Summary: What a tough day! What if you HAD to fire granny? Take this advice...
When to Fire Your Grandmother
I Kings 15:9-14
“Hard work spotlights the character of people: some turn up their sleeves, some turn up their noses, and some don’t turn up at all.”
You can tell a lot about a person’s character by how they handle the hard choices. Today I want to focus on, not just a labor issue, but a life issue.
King Asa fired his grandmother. That’s a rough day in the palace, I don’t care who you are! Read the story in I Kings 15:9-14.
I Kings 15:9-14
9 In the twentieth year of Jeroboam king of Israel, Asa became king of Judah,
10 and he reigned in Jerusalem forty-one years. His grandmother’s name was Maacah daughter of Abishalom.
11 Asa did what was right in the eyes of the LORD, as his father David had done.
12 He expelled the male shrine prostitutes from the land and got rid of all the idols his fathers had made.
13 He even deposed his grandmother Maacah from her position as queen mother, because she had made a repulsive Asherah pole. Asa cut the pole down and burned it in the Kidron Valley.
14 Although he did not remove the high places, Asa’s heart was fully committed to the LORD all his life.
In the brief story of Asa a string of family problems dominates. Yet
Asa stands out as one of the kings who did what God wanted.
He was not without problems of his own, but he was able to overcome his family’s influence and live a life pleasing to God anyway.
Look at the family situation
Rehoboam (Asa’s grandfather) splits the kingdom
straying from the path of wisdom and tries to be tough.
Conflict with the Northern kingdom is the rule of his reign.
Maacah (Asa’s Grandmother) worships idols.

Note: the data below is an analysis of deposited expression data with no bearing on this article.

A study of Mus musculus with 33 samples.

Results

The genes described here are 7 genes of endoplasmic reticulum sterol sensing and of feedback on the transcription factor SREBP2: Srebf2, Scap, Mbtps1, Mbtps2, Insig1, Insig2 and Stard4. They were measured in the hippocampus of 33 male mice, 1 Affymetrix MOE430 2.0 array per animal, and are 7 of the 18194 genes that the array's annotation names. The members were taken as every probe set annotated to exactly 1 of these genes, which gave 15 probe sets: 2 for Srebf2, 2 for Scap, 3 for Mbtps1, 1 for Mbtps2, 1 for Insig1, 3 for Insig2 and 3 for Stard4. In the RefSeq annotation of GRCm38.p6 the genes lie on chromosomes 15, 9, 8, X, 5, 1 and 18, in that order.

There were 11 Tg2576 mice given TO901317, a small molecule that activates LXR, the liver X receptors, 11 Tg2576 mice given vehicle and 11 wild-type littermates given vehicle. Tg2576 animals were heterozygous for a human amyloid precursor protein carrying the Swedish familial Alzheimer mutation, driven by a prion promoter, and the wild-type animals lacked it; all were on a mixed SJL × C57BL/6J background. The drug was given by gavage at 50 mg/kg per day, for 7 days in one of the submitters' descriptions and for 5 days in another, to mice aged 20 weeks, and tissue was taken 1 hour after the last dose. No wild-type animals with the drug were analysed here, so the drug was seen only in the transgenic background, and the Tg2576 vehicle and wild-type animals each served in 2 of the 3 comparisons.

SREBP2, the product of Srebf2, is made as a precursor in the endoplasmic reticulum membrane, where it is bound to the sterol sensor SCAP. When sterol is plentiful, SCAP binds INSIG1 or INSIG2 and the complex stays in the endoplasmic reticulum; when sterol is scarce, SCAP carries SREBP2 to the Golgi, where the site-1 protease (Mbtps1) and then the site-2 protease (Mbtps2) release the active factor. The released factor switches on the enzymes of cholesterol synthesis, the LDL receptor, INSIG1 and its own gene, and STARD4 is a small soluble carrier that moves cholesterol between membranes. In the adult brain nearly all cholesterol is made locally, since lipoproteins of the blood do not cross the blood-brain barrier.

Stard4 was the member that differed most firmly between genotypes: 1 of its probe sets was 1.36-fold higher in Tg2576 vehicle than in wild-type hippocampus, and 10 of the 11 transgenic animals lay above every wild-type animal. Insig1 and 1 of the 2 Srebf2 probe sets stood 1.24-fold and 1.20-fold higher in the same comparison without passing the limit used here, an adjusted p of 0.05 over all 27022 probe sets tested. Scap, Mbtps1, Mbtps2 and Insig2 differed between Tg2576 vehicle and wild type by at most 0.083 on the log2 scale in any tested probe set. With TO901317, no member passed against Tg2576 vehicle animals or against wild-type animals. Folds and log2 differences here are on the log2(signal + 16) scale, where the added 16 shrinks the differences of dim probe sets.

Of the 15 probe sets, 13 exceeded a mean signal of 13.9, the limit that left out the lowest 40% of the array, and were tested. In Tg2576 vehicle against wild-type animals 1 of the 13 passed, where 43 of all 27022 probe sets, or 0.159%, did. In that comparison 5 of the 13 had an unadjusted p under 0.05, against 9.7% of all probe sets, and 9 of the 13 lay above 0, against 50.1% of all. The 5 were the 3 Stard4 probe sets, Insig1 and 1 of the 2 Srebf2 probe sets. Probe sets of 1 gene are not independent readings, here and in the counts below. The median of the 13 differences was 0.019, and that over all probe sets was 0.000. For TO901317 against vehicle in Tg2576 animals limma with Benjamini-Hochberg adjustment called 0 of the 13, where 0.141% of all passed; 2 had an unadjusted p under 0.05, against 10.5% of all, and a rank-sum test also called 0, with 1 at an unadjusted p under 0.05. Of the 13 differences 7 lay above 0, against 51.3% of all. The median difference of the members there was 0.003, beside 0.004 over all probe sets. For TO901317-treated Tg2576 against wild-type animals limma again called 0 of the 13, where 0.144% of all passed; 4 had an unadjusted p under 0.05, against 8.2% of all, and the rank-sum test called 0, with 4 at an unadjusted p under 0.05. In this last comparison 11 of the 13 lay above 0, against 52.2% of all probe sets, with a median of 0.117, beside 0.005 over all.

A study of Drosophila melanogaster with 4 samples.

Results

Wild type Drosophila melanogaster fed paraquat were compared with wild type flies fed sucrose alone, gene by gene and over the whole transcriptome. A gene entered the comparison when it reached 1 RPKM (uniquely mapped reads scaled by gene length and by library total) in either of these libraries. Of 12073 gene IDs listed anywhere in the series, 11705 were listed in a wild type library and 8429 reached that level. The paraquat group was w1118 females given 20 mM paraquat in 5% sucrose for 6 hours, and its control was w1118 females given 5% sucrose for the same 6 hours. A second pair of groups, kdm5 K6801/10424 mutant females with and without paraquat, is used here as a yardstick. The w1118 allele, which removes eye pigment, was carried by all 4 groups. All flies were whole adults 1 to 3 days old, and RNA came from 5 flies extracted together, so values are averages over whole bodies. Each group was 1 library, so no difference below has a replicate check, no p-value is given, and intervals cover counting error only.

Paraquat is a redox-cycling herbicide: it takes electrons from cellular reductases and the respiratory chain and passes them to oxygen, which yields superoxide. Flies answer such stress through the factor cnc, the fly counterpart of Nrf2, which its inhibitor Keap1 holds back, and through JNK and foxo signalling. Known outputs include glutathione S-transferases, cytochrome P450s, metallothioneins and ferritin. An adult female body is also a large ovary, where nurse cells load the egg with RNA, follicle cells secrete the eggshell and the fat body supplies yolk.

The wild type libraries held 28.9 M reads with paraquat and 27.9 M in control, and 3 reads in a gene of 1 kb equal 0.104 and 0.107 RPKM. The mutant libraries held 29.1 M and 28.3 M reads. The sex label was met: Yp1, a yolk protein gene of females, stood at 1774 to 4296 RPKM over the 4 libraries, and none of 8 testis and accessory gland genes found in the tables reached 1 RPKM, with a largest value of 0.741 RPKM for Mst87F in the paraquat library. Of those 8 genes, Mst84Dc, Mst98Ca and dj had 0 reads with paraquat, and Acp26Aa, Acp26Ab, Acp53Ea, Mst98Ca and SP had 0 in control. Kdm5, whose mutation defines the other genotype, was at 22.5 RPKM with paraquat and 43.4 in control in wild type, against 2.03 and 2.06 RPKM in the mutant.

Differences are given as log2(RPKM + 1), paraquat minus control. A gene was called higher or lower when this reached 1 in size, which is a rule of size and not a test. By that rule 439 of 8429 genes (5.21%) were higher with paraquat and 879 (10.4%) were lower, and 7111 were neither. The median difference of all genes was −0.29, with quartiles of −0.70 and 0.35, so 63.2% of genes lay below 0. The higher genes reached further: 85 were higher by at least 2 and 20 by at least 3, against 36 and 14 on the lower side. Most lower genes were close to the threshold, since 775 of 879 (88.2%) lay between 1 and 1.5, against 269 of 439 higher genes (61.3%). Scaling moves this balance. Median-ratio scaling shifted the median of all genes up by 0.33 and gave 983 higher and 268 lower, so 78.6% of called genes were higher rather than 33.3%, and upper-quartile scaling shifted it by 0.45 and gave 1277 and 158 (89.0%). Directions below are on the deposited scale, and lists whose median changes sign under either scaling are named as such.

Abijah, Rehobaom’s son (Asa’s dad) is sinful following in the footsteps of both his father and his mother, Maacah. Abijah seems to have ruled along side his father who was usually away at war. When his father died, he continued the wars with Israel in the North.
It is in this environment that Asa is born.
When begins his reign, He
is determined to follow Godly practices in his public policy.
When he did this, he was bucking a powerful family system. His grandmother, Maacah, had erected an Asherah pole. Asherah was a fertility goddess of the Canaanites, usually associated with Baal. Their shrines were often placed side by side. The Asherah shrine was a tall, thick pole made of a stripped tree trunk. Women often venerated Asherah, believing that she would help them have children.
The woman herself was powerful. In ancient times, the Queen Mother was incredibly influential. The position was reserved for the mother of the king. In these societies, the king had many wives, and it was somewhat uncertain which one would bear the son who would be the next king. Many times, no single wife would rise to the power of queen. When a son actually took the throne and overcame his rivals, that’s when the mother of the king became clear. She was also a direct link back to the former king and usually represented previous policies.
The power of Maacah is evident. In spite of the fact that her son Abijah had 14 wives, including Asa’s mother, she held on to the position of Queen Mother, for two generations. Asa had no wife strong enough to take the authority of queen. His own mother did not take the position. So his grandmother must have been an imposing person.